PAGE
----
There’s no right or wrong way to write the first draft of your novel; the important thing is to get your words down. Some people find it helpful to set themselves a daily or weekly word count target, whilst others may write for a particular amount of time in any given day. Some people carefully plot every stage of their story before beginning their draft, whilst others may have a rough idea and allow themselves to be swept along in inspiration’s flow, taking many unplanned, but rewarding, diversions along the way.
It can be intimidating to stare at a blank screen (or blank page in
your notebook), trying to craft the perfect first line, the perfect first
paragraph, the perfect first page. Spoiler: You’re unlikely to achieve this
straight off the bat. And that’s all right. At a writers’ forum I frequent,
some of the writers don’t call their first draft a first draft, but a Draft
Zero instead. They allow themselves to write a messy first draft, knowing they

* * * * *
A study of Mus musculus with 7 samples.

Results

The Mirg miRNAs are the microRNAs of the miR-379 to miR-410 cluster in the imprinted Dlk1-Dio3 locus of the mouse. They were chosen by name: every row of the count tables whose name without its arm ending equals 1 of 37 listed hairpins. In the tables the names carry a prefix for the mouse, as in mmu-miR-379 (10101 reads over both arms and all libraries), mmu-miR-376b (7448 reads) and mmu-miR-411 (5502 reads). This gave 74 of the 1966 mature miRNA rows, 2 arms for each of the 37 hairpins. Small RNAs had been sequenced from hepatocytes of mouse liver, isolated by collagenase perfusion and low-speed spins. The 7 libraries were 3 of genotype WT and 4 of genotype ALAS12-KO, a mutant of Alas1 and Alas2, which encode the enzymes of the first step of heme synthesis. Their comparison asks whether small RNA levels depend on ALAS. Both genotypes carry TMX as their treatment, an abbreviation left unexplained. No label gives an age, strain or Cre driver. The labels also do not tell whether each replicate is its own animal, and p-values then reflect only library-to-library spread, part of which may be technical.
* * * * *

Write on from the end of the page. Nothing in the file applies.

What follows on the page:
can polish it up in later drafts. This makes the blank page a lot less
intimidating to conquer.
I’m currently working on a new WIP, and I’ve set myself a daily word
count goal of 1,000 words. My aim is to get this draft finished by the end of
this month (or maybe by mid-August if I want to make things a little easier for
myself – after all, the only person I’m competing here with is me). Some days I
achieve more than my goal, other days I achieve less. And that’s okay.
Sometimes I can write every day. Sometimes I take a break from writing. And
that’s okay, too. This is very much a messy Draft Zero, but that’s fine, and it
certainly takes the pressure off when I stare at my blank page. As long as I’m
moving my story forward, I can polish it up in later revisions.
How do you work through the intimidating whiteness of a blank page in your own WIPs?